Legend has it that huangjiu, or yellow wine, was invented by Du Kang, the god of Chinese alcohol. Annual production starts in eastern China’s Shaoxing region in the tenth lunar month – the temperature and humidity at that time of year create the best environment for making the wine – with sacrifices to Du Kang.
The wine is made from fermenting glutinous rice with wheat or rice qu, a cake of mashed grains that cultivate yeast; both convert the starch to sugar then to alcohol. The product of all that fermentation is a sherry-like amber liquid that is used in Chinese cooking or served as a drink paired with Chinese foods.
The most famous variety hails from Shaoxing in Zhejiang province, originally due to the pure water of Mirror Lake that was used to make the huangjiu. The Traditional Chinese Medicine (TCM) benefits of the drink are legion, and include “invigorating the blood.” TCM practitioners recommend pairing Shaoxing huangjiu, considered a “warming” drink, with “cooling” foods like hairy crab or cold chicken to keep your qi in balance.
Selecting huangjiu means picking your desired level of sweetness. The drink tops out at around 20 percent alcohol, since it is fermented, not distilled, and the most common varieties are yuanhong, jiafan and shanniang, ordered from least amount of sugar to most.
Yuanhong – or “Champion’s Red” – is named for the earthenware jars that the wine is aged in. Traditionally in Shaoxing, new parents will buy a jar of this huangjiu and bury it when their child is born, to be dug up to celebrate achievements in the child’s life, like getting married or graduating from school.
With only 15 grams of sugar or less per liter, yuanhong is the basic block upon which all the other varieties of huangjiu are built. Jiafan translates as “add rice,” and that’s exactly what happens when brewers add more glutinous grains in the secondary fermentation to encourage more sugar in this slightly sweeter version. Semi-sweet shanniang uses already-fermented yuanhong in place of water to start its brewing process.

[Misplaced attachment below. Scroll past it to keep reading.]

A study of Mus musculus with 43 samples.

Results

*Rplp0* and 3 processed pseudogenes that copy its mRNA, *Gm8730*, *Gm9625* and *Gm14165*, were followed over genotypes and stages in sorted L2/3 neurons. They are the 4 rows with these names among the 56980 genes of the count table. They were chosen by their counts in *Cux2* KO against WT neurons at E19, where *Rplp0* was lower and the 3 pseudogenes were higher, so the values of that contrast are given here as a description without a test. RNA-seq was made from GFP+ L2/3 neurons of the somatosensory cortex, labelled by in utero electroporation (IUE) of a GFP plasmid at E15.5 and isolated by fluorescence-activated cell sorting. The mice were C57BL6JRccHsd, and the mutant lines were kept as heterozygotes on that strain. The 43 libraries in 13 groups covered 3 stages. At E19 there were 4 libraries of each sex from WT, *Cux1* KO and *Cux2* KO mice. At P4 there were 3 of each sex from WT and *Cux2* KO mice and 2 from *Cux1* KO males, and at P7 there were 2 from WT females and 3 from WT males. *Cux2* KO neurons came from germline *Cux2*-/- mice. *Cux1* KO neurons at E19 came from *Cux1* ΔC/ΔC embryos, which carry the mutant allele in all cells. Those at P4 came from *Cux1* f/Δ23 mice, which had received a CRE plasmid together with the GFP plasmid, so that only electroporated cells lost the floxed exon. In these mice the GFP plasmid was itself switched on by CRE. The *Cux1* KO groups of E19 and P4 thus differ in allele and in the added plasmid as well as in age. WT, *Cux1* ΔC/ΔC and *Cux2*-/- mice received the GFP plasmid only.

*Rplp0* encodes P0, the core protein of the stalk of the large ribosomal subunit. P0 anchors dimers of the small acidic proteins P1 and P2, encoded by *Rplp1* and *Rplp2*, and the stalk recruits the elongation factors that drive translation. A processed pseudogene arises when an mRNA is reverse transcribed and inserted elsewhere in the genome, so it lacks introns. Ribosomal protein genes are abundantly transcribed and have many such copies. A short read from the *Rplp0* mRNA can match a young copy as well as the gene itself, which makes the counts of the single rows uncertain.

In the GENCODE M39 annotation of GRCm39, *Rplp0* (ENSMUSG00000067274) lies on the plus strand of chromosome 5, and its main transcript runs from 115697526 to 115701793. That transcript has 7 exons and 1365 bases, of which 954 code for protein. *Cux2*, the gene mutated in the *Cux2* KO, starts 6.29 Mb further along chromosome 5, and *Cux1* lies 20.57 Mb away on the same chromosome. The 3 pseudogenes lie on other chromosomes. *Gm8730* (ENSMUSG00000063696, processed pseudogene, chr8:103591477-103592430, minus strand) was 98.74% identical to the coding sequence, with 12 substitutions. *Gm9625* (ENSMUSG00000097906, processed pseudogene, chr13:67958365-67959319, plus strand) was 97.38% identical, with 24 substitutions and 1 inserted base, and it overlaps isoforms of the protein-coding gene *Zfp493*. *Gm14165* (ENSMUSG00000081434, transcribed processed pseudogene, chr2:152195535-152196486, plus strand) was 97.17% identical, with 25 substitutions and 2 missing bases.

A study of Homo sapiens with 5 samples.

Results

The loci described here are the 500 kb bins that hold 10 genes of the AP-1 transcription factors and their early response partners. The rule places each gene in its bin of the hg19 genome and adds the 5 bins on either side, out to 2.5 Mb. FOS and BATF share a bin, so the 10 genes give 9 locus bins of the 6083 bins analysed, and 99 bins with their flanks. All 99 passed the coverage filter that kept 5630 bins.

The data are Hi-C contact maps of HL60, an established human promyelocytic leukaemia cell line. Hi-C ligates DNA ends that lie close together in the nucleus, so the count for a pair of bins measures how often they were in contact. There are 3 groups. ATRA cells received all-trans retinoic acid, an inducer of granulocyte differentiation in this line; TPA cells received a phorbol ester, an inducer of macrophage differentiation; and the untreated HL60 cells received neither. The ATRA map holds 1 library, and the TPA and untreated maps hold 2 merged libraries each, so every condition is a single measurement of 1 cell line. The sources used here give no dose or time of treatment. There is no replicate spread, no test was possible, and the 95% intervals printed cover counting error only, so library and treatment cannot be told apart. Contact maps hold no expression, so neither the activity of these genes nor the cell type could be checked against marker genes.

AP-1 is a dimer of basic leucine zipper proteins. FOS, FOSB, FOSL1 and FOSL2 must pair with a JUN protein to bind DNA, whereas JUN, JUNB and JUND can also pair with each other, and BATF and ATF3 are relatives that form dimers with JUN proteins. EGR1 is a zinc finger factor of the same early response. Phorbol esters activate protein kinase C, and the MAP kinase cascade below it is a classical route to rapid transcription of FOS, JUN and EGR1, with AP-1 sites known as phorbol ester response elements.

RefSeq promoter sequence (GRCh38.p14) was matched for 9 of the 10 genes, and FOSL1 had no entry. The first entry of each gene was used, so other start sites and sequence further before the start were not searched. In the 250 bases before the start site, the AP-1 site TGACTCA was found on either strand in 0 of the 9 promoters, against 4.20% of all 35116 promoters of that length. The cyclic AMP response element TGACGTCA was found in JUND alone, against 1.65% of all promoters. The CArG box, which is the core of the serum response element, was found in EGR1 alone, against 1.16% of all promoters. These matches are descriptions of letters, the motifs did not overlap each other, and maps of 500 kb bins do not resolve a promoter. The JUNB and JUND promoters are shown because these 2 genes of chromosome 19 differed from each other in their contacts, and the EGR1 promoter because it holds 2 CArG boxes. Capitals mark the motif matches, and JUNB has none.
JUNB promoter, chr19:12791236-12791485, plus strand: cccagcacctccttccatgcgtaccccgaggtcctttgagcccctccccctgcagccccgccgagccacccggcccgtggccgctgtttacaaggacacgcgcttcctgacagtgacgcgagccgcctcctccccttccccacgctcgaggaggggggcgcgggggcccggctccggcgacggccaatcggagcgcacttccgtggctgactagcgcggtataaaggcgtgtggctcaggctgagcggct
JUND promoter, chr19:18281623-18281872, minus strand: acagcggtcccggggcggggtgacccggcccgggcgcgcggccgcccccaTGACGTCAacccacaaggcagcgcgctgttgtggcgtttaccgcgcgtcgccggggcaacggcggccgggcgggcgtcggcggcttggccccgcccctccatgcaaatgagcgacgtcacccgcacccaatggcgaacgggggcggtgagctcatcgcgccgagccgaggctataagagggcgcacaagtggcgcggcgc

The longer huangjiu ages, the better.
Huadiao is another famous type of huangjiu from Shaoxing, named not for the medium-sweet wine inside, but for the elaborate patterns carved into the jars in which it is aged. When huangjiu is young, the flavor is strong and sweet, so most bottles designed for drinking are aged for at least a year before heading to market – the longer it ages, the better.
Dishes that contain Shaoxing huangjiu are easy to find in the Shanghai region, thanks to its proximity to the city (it’s less than an hour and a half away by bullet train). Plus Shanghainese food shares many characteristics with Zhe cuisine. Check out some of our favorite places to drink huangjiu and eat dishes made with it.
Kong Yi Ji
This Shaoxing restaurant near Confucius Temple specializes in its home city’s huangjiu. The décor is made up of old huangjiu jars and every month, they host a kaitan or “jar opening” where they crack into a giant jug of vintage huangjiu and give patrons a sip on the house. If you’re not in town for the monthly event, you can still order a huangjiu tasting of five different varieties, ranging from 5 to 30 years and varying in degrees of sweetness. Since the menu is from Shaoxing, every dish featuring hairy crab roe (蟹粉xièfěn) is cooked with Shaoxing wine.
Dian Shi Zhai
This classic Shanghinese restaurant serves up drunken chicken (醉鸡 zuì jī) made only with Shaoxing huangjiu. A cold appetizer, drunken chicken is poached with ginger and green onions, then marinated overnight in a bath of huangjiu. The chicken is cut on the bone and served swimming in a light broth of the liquor and it’s cooking liquid. Dongpo pork (东坡肉 Dōng Pō ròu), a dish made famous by Chairman Mao who called it “brain food” and credited it with helping him outsmart his enemies, stews thick squares of fatty pork belly in Shaoxing wine.
This locally famous Shanghainese restaurant serves up several “drunken” dishes, all of which feature huangjiu as a main ingredient. Drunken crab (醉蟹 zuì xiè) is marinated overnight in the liquor. Since the crab needs to be very fresh for this to be safe – it’s like eating sushi – you need to get it at the best possible place, and Old Jesse is that spot. If you’re not into eating raw, try their oil-exploded shrimp (油爆虾 yóu bào xiā) or an appetizer of wheat gluten (四喜烤麸 sì xǐ kǎo fū), both of which feature huangjiu in their sauces.
Editor’s note: Our recurring Building Blocks feature focuses on foods and ingredients that are fundamental to the cuisines we write about.